Xenophon of Athens (; Greek: Ξενοφῶν, Ancient Greek: [ksenopʰɔ̂ːn], Xenophōn; c. 431– 354 BC) was an ancient Greek philosopher, historian, soldier, mercenary, and student of Socrates. As a soldier, Xenophon became commander of the Ten Thousand at about 30, with noted military historian Theodore Ayrault Dodge saying of him, “the centuries since have devised nothing to surpass the
genius of this warrior.” He established the precedent for many logistical operations and was among the first to use flanking maneuvers, feints and attacks in depth. He was among the greatest commanders of antiquity.
As a historian, Xenophon is known for recording the history of his time, the late-5th and early-4th centuries BC, in such works as the Hellenica, which covered the final seven years and the aftermath of the Peloponnesian War (431–404 BC), thus representing a thematic continuation of Thucydides' History of the Peloponnesian War.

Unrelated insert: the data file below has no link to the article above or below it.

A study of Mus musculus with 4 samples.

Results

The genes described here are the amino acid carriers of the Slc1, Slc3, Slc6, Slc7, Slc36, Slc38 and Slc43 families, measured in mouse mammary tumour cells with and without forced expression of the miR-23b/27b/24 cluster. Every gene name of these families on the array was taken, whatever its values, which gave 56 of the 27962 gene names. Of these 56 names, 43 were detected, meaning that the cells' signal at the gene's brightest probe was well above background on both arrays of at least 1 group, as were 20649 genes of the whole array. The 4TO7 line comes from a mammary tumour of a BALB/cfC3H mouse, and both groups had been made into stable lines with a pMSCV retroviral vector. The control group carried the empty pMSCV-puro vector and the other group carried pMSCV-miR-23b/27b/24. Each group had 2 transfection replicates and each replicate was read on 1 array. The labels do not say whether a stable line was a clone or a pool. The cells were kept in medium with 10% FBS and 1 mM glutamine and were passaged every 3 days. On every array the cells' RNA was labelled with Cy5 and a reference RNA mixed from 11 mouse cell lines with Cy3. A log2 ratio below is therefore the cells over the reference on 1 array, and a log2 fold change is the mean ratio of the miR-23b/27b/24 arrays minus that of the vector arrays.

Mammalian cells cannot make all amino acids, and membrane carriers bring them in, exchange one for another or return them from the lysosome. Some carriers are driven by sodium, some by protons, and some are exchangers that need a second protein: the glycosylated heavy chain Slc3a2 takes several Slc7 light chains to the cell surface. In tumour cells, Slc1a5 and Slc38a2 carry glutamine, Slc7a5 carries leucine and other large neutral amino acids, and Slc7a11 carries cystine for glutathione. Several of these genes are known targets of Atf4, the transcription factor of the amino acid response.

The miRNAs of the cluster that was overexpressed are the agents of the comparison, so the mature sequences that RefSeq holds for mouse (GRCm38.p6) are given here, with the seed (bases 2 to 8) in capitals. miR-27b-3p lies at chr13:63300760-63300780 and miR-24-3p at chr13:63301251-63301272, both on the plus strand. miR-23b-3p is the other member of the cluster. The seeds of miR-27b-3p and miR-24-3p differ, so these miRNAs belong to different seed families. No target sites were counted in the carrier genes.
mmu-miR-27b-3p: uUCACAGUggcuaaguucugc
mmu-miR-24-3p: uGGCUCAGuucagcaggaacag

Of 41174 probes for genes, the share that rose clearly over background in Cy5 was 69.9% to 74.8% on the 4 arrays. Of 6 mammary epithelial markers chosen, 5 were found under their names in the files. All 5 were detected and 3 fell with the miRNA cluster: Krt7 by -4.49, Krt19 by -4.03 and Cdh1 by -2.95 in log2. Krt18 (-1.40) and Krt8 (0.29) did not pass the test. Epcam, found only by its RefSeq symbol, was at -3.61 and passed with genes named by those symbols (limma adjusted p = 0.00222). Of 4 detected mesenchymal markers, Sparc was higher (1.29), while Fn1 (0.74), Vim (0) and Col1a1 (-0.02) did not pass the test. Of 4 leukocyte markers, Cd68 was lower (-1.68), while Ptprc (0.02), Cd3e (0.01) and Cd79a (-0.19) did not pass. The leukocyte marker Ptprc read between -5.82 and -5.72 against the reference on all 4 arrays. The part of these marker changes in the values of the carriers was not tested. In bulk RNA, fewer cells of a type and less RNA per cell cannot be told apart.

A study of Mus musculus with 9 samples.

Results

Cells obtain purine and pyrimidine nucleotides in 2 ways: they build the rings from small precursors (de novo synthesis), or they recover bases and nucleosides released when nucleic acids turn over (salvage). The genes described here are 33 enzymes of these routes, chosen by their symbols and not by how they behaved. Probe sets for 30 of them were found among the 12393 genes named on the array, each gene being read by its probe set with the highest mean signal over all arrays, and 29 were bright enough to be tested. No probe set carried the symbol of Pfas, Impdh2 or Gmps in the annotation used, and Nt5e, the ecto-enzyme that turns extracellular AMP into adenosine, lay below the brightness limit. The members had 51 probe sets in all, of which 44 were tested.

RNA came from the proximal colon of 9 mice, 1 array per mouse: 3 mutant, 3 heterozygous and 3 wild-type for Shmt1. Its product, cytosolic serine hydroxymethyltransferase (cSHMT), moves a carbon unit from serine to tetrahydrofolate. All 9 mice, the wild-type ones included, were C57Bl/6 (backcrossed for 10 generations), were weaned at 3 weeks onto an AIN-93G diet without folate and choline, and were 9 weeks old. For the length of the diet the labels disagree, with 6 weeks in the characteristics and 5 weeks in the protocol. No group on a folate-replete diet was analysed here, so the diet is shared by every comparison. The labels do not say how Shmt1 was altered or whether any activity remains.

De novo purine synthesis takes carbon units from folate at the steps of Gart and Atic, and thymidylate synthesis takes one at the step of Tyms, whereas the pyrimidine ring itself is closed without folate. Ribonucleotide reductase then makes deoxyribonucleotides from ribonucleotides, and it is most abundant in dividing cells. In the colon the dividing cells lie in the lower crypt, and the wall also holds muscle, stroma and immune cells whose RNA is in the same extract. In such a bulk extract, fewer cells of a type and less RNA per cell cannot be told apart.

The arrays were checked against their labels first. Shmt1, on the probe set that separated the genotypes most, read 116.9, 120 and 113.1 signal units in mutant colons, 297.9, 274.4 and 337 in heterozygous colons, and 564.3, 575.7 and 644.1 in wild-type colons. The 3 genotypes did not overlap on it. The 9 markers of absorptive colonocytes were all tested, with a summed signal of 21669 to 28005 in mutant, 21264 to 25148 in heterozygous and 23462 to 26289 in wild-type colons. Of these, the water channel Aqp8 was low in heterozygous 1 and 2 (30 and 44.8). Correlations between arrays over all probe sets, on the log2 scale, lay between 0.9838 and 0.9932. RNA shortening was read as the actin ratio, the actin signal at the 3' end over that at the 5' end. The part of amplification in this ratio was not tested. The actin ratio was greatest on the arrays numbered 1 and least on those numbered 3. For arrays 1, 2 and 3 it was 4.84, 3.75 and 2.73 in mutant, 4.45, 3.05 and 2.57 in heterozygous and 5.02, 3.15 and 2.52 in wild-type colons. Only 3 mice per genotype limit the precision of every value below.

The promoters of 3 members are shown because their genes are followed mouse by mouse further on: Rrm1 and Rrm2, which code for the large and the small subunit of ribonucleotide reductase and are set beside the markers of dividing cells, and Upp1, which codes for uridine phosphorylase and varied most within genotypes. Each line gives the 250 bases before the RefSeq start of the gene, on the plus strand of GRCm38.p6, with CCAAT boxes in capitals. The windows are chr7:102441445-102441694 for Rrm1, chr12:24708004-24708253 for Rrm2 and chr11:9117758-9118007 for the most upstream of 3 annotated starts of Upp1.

As one of the Ten Thousand (Greek mercenaries), Xenophon participated in Cyrus the Younger's failed campaign to claim the Persian throne from his brother Artaxerxes II of Persia and recounted the events in Anabasis, his most notable history. Like Plato (427–347 BC), Xenophon is an authority on Socrates, about whom he wrote several books of dialogues (the Memorabilia) and an Apology of Socrates to the Jury, which recounts the philosopher's trial in 399 BC.
Despite being born an Athenian citizen, Xenophon was also associated with Sparta, the traditional enemy of Athens. His pro-oligarchic politics, military service under Spartan generals, in the Persian campaign and elsewhere, and his friendship with King Agesilaus II endeared Xenophon to the Spartans. Some of his works have a pro–Spartan bias, especially the royal biography Agesilaus and the Constitution of the Spartans.
Xenophon's works span several genres and are written in plain-language Attic Greek, for which reason they serve as translation exercises for contemporary students of the Ancient Greek language. In the Lives and Opinions of Eminent Philosophers, Diogenes Laërtius observed that, as a writer, Xenophon of Athens was known as the “Attic Muse”, for the sweetness of his diction (2.6).